Wednesday, 29 March, 2000Romania 'needs billions' to fight pollution
Romania needs more than $20bn to resolve environmental safety issues, according to estimates by a European Union official.
Fokion Fotiadis, the head of the EU office in Bucharest, was speaking in the wake of a series of accidents at mines in northern Romania which have had a devastating impact on rivers in the region.
Mr Fotiadis told reporters that the money would be needed to prevent future accidents at mines and other industrial facilities in the country.
It is not clear where such money might come from, although the World Bank has already pledged a much smaller amount.
There have been three serious pollution incidents in the same mining area of northern Romania so far this year.
The worst, a spill of cyanide from a gold mine at the end of January, caused enormous damage to 800km of rivers, especially the Tisza and Danube in neighbouring Hungary and Yugoslavia.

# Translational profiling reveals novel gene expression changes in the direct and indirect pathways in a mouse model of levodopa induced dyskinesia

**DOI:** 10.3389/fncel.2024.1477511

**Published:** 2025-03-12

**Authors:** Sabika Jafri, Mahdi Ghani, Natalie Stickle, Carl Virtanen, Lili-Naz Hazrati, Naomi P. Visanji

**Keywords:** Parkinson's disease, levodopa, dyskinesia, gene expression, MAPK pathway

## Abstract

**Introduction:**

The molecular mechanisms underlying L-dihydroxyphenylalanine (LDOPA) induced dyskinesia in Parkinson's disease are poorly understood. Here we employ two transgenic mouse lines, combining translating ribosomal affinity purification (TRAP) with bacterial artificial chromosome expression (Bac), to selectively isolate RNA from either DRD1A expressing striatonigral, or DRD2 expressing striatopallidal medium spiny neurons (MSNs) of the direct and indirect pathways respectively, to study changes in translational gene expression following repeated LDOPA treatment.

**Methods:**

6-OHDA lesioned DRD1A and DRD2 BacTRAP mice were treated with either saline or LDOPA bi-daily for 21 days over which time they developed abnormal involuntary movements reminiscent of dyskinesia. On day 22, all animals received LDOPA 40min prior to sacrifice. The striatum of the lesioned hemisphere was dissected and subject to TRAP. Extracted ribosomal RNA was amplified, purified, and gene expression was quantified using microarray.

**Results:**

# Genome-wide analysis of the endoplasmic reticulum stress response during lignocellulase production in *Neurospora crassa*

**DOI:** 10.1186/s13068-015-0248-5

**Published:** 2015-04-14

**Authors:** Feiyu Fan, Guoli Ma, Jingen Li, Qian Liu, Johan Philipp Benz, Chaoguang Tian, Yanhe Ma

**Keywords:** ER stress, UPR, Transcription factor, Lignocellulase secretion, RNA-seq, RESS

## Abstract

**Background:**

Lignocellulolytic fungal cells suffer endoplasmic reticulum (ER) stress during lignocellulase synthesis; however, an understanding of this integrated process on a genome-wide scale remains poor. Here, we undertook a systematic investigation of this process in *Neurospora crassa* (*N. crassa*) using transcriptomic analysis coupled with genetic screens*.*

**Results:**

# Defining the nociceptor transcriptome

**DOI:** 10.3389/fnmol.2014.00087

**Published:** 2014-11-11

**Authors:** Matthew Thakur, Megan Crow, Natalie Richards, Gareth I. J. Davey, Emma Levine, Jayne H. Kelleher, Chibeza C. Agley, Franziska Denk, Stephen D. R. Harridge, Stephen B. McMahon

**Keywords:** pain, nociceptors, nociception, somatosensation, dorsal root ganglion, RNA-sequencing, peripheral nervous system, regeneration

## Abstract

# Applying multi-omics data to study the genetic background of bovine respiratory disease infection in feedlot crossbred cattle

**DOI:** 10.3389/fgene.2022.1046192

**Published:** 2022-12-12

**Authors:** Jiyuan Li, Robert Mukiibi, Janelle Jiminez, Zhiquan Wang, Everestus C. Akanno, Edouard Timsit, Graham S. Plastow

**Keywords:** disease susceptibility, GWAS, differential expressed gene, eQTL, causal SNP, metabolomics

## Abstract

Heavy metal poisoning also from Romania continues to affect the same rivers, and the Hungarian Government has been putting pressure on Romania to act swiftly.
International task force
Tom Garvey, chairman of the international task force set up by the European Union to tackle the problem, is currently on a fact-finding mission in the region.
"Our mandate is to investigate the causes of the accidents and provide an agreed assessment of the damage they caused," he said.
Mr Garvey heads a six-member team including members from the Romanian and Hungarian governments, the EU, and the United Nations.
On Tuesday he visited the site of the cyanide accident.
"We will propose measures to be taken nationally, internationally and at EU level to minimise the risk of such accidents in the future," he said.
A report by the United Nations environment programme into the accident, is due to be published in about 10 days' time.Recommendations from that report will be taken up by the international working group.